Watching a TV drama series at the peak of its powers is a wonderful thing. Gone are any growing pains, fatigue has yet to set in and everything feels artful and confident. Such is the way with Downton Abbey, which currently has the thrill of a beautifully choreographed fireworks display.
Throughout the opening instalment to series three, rockets are set off at roughly twenty-minute intervals, with each required to be more spectacular than the last. First there’s the return of Lady Sybil and Branson (ooh! Class boundaries transgressed), which is followed by the much-anticipated debut of Shirley MacLaine as Cora’s American mother (Aah! Spiky putdowns directed at Dame Maggie).
But impressive as her arrival is, it must ultimately make way for the episode’s crescendo – the prospect of a society wedding between Lady Mary and Matthew: “I feel my chest will explode,” says proud father Lord Grantham, worrying us for a second that he’s about to get an attack of the John Hurts in Alien.
Watching all this play out, it’s hard to not come away marvelling at how sure-footed writer Julian Fellowes can be. The whole enterprise remains an immaculately presented soap opera, but these are top-of-the-range suds from a man who understands the medium well.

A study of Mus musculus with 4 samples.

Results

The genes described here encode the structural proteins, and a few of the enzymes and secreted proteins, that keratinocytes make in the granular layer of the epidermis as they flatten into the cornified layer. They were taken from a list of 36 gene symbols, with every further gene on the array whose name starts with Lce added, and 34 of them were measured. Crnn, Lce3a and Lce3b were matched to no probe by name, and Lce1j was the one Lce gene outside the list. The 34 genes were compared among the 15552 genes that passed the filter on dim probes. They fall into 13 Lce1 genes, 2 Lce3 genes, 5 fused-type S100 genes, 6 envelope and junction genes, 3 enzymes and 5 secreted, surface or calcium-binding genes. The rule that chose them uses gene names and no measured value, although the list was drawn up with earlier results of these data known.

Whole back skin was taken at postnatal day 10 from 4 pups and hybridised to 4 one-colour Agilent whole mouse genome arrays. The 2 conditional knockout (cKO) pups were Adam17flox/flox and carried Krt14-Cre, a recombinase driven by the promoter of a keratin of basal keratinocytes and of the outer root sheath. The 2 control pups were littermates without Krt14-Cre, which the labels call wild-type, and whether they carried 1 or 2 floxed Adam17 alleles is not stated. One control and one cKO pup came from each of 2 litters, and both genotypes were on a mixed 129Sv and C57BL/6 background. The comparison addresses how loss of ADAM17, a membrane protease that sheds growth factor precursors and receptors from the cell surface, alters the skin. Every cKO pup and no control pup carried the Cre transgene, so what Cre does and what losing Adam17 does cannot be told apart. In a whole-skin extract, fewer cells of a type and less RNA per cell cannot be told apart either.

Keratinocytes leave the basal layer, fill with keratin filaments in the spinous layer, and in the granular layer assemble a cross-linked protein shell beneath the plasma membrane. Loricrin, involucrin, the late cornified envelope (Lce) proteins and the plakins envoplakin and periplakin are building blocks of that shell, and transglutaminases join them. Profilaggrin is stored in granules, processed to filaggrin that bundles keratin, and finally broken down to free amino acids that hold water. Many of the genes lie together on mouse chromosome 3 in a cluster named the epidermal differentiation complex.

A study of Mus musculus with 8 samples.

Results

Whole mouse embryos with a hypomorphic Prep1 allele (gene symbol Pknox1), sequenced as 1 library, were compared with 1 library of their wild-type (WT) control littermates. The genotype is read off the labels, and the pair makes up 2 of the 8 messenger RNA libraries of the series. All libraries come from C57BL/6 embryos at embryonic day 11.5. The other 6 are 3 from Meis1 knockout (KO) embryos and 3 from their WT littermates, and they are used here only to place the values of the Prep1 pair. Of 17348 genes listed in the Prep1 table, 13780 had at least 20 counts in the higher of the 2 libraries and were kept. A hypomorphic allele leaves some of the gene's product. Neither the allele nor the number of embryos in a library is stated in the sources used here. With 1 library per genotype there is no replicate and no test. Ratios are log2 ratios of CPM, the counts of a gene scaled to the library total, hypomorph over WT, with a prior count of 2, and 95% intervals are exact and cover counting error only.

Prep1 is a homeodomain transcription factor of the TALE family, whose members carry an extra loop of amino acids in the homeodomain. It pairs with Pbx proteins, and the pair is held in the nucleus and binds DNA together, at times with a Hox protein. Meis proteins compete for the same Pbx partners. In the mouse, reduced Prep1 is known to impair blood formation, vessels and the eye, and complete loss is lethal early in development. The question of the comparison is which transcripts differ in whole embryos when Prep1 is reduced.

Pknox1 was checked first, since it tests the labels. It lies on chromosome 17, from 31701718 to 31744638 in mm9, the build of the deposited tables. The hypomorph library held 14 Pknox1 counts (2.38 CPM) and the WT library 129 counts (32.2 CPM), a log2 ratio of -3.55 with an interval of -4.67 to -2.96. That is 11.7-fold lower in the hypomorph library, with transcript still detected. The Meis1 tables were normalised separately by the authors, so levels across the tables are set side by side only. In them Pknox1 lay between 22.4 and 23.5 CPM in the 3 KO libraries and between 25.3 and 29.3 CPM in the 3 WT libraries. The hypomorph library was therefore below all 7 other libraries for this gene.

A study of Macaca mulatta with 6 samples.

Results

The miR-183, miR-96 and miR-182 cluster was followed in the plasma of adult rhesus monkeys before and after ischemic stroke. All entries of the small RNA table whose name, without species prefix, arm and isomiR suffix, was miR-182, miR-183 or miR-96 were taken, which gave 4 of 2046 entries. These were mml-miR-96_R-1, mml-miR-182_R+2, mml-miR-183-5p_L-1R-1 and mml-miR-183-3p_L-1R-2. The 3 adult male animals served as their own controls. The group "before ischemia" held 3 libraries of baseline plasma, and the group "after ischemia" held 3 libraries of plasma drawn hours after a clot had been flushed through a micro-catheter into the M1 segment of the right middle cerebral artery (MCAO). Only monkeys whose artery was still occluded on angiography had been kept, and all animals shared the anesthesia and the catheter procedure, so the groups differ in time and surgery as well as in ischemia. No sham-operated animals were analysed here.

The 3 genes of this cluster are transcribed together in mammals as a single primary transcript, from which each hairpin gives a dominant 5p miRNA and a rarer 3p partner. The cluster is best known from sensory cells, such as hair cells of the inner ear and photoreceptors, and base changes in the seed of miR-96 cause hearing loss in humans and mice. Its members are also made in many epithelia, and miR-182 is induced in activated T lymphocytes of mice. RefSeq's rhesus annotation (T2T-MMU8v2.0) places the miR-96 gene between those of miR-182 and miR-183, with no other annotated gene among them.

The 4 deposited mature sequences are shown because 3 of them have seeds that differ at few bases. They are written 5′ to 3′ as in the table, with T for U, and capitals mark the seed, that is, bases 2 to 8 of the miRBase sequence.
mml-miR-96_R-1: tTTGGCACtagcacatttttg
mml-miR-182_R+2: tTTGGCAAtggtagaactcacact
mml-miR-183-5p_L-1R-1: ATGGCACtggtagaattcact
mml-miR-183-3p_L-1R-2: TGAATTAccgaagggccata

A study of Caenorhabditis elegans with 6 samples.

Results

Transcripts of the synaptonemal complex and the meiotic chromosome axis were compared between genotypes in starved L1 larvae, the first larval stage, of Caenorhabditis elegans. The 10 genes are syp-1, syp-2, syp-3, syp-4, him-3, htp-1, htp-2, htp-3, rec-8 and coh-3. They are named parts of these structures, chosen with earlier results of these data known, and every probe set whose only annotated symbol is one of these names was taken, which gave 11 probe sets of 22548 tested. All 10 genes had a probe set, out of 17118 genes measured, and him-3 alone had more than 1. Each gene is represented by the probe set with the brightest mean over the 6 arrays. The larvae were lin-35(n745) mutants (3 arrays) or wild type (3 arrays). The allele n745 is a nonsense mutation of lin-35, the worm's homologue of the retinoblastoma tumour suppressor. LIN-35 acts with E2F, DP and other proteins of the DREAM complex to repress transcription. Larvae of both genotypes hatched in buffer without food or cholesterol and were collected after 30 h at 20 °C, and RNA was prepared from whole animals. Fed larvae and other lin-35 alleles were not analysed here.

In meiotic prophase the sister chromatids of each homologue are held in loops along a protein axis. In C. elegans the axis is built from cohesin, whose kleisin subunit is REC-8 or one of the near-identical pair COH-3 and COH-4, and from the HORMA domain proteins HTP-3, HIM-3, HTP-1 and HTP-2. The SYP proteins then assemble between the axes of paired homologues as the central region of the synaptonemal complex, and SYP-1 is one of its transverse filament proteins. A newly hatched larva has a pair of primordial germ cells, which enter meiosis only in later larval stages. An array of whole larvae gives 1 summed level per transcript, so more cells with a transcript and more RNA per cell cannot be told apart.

He is, of course, a die-hard Coronation Street fan so he knows exactly what he’s doing when, for instance, he pits two indomitable women like MacLaine and Smith against each other. It helps as well that both actresses can point to a back catalogue of verbal sparring – the former having taken on Debra Winger in Terms of Endearment, the latter having seen off Bette Davis in Death on the Nile and Diana Rigg in Evil under the Sun.
And indeed the antagonism between the Dowager and MacLaine’s character Martha Levinson sums up what appears to be the theme of this third series: namely the battle between tradition and progress. There’s the Dowager looking back to the halcyon pre-war days and now along comes an American with her eyes set on what lies ahead. Throw in some money troubles for Lord Grantham that put Downton on a financial downturn and you can see how the old guard are being forced to face up to imminent social upheaval.
The tighter focus on how the political affects the personal should please those who felt that the series had become baggy and ill-disciplined during its sophomore run. This is a drama set to roar into the Twenties looking sleek and assured – the Dowager may not be in agreement, but change can be a very good thing indeed.